US gold medalist’s ‘stoked,’ ‘sick,’ technical lingo lost in translation?

United States
Local time: 15:12
Russian to English
+ ...
I personally think his speach might be untranslatable--in the long run. Feb 12, 2014

He is a very nice athlete, but he speaks in an idiolect--not even slang--most of the time at least. He has just his own way of phrasing things. The American English "sick" has not that much to do with the Russian "bolnoy" in this context, nor do the other Russian words mentioned-- thay don't have that much to do with the English words used by the athlete at all.

Team translators don't usually help each other, but rather work in a rotational manner-- 45 minutes each--usually.

[Edited at 2014-02-12 17:45 GMT]


Germany
Local time: 21:12
Member (2012)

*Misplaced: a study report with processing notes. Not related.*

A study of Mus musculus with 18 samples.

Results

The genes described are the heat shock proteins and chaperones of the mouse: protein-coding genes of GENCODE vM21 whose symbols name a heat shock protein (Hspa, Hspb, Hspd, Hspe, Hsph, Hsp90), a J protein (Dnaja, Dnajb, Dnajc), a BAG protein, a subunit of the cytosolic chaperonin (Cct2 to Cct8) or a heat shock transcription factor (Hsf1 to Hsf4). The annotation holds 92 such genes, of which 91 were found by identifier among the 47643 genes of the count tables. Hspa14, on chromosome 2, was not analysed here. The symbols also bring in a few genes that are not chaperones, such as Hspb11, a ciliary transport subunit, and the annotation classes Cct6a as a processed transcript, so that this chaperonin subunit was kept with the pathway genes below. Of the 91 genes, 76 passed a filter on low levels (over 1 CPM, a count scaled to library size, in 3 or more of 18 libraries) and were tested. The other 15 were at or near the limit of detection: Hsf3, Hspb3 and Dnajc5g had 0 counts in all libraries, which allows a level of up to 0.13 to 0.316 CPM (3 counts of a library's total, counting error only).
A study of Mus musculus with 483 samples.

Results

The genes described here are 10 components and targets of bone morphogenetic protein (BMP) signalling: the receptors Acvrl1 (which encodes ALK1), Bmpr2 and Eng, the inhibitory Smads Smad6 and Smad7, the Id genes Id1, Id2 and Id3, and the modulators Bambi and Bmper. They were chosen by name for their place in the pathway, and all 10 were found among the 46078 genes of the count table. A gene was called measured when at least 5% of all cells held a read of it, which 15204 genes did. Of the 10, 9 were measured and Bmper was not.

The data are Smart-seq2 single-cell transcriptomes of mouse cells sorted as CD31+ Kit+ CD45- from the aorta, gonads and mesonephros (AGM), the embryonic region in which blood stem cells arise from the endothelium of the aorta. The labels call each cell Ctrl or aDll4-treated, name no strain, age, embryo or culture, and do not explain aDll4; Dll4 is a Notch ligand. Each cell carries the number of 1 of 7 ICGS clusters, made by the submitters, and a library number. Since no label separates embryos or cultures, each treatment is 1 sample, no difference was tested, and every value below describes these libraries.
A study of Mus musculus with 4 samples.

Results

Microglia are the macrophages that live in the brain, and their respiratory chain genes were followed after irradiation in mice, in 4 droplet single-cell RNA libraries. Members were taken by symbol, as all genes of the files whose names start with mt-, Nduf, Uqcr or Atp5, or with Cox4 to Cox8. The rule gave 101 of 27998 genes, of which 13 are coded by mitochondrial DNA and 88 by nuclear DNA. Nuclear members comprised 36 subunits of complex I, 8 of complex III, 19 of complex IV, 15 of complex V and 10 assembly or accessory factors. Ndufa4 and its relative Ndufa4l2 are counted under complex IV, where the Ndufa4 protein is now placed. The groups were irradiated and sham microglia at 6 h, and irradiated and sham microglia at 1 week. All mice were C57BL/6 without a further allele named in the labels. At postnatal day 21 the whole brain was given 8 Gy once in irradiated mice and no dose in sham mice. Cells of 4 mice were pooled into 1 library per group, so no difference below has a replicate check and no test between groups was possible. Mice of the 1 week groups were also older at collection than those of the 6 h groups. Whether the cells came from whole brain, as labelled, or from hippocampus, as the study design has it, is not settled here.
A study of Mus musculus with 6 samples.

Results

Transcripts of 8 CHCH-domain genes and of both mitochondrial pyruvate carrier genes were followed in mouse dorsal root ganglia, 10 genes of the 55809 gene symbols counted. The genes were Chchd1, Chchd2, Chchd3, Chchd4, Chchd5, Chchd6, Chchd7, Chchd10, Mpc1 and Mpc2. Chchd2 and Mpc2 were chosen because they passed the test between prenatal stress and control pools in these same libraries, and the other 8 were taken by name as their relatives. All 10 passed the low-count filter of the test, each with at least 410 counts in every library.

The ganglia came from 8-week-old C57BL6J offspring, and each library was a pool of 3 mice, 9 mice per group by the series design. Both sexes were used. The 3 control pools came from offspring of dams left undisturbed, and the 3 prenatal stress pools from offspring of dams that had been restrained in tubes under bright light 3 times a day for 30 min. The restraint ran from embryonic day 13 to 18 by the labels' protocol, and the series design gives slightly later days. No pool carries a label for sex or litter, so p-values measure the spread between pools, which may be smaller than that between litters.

Japanese to English
+ ...
Simple slang Feb 17, 2014

I'm not sure I agree with the previous comment - to me, the word "sick" is pretty established slang (that trick flip was wicked sick!), although I admit to having heard it far more among people younger than me. It is also clear that the interpreters know that sick (and the other words) are used in a slang context here - they are simply illustrating the point of how difficult it is to find the matching terms.

I think translators working for these events should have an excellent grasp of slang in both languages and keep up to date with it - after all, Olympic snowboarders are unlikely to need impeccable language skills and slang is a big part of their subculture. As the article states - the language is considered technical - jargon specific to the field.